It all started in the forests of Brazil.
The timber was chosen, chopped, and sailed across the ocean, only to be turned into one of the most popular materials for string instruments in the world.
Fourth-year St. Thomas University student Johnny Cullen, guitar player for the band Rosewood Groove, recently came into ownership of a guitar that had this kind of wood, known as rosewood, in its fretboard.
While he originally thought this wood was exotic, even mystical, his bandmates had an important newsflash for him – a huge number of instruments are made of rosewood.
“I named the guitar ‘rose’ after that,” Cullen said, laughing.
The journalism student doesn’t forget how this story influenced the name for the four-person band he now plays in. For him, it’s good for the band, made-up mostly of St. Thomas students. They’re just a group of friends who want to jam and get their music out there.
“We all play off each other really well,” said Cullen. “With these guys behind my voice I can just kind of go for it and I know no matter what they’ll come up with a sweet riff or some crazy vocal harmonies in the background.”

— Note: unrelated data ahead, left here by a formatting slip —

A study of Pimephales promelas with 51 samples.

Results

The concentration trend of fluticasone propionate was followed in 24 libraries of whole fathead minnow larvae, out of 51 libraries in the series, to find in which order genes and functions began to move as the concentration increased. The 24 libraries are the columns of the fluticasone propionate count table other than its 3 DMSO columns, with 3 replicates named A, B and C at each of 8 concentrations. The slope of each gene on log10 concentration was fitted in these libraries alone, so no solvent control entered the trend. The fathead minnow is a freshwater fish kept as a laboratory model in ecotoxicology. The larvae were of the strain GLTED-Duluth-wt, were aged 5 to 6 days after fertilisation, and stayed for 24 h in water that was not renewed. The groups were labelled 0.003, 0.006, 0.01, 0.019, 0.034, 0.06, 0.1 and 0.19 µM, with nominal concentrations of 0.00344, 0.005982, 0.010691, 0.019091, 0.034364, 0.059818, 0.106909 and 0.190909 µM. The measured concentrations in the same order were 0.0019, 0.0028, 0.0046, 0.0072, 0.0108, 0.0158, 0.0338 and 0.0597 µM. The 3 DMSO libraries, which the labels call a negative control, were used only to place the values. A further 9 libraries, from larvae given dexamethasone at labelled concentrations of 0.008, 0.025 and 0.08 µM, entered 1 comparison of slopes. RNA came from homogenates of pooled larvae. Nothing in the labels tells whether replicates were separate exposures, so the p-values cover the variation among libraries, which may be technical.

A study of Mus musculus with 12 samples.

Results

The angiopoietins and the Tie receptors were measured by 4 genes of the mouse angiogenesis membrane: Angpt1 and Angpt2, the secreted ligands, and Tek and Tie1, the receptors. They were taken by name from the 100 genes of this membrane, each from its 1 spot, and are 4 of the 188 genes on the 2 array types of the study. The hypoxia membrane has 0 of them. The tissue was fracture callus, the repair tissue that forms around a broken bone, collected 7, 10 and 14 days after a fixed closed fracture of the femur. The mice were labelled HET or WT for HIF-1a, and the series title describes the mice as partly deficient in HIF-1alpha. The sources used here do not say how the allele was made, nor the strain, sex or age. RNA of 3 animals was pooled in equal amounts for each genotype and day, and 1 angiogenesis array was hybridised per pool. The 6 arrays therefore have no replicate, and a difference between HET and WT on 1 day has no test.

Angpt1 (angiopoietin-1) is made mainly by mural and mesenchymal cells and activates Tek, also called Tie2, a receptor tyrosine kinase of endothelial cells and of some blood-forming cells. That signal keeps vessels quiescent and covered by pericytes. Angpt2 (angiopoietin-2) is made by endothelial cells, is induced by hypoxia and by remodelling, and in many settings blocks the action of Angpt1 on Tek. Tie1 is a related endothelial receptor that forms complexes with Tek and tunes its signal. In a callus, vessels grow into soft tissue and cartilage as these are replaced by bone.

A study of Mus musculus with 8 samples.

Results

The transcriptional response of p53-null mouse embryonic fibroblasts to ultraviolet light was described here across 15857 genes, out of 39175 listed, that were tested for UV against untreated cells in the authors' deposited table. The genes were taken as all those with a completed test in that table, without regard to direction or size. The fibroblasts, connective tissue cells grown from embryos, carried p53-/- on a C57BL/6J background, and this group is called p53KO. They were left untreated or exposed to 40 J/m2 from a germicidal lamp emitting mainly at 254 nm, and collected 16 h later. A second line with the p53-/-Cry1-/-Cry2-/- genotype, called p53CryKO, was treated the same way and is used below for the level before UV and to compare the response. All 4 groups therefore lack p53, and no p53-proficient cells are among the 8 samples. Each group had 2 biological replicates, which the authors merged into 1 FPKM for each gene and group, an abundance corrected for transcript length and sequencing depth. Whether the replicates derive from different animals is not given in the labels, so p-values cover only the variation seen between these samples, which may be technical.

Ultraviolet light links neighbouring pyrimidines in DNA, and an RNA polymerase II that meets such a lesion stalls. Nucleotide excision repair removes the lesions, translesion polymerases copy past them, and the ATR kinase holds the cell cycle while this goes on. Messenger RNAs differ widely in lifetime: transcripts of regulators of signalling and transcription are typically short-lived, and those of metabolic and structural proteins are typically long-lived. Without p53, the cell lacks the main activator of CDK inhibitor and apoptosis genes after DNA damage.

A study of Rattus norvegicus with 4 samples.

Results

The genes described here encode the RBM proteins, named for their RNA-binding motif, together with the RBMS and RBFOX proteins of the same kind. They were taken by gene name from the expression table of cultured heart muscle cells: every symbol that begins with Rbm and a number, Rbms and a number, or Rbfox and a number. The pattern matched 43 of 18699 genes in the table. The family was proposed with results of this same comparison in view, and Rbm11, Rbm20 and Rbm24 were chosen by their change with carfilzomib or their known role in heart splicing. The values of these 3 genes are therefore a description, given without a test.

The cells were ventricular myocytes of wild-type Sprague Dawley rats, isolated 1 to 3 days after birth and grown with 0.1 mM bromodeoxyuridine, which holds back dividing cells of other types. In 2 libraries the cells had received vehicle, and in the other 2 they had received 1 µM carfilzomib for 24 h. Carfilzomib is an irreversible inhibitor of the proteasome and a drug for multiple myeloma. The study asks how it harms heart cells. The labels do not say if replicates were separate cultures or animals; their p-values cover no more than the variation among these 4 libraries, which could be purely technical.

Both an acoustic guitar, a bass guitar, a mandolin and some drums make up Rosewood Groove – vocals are interchangeable.
Fellow STU student Austin Comeau, first-year student Ryan Merritt and friend Colin Matheson started jamming with Cullen earlier this summer. They had been playing together for a while, then finally did an open mic show. A friend soon approached the band saying they should start doing gigs.
This led to their first show at Ringo’s Bar and Grill in Fredericton, with almost a full-house audience. Since then they’ve also played at the Capital Complex in downtown Fredericton, with equal enthusiasm for their stuff.
Their sound is folky and confident – Cullen croons to melodic, drawling acoustic pieces sparked by the emotion of Comeau’s mandolin. Their sound is influenced by artists like The Mighty Oaks and Neil Young, to name a few.
“Our sets are pretty much what we would do if we were just sitting here hanging out, having a beer. We don’t add much flare to it – we play just as we would hanging out as buddies,” said Comeau.
Even though an album isn’t quite in the works yet, the band has plans to continue writing up new material – their show at Ringo’s is on Dec. 5. Their style is original and their work doesn’t need high quality production to sound good – they’re just four guys who like to jam in their bedroom and try to do their best in the process.
“As long as we’re having fun and people are enjoying our music, that summarizes us – jamming and having fun,” said Cullen.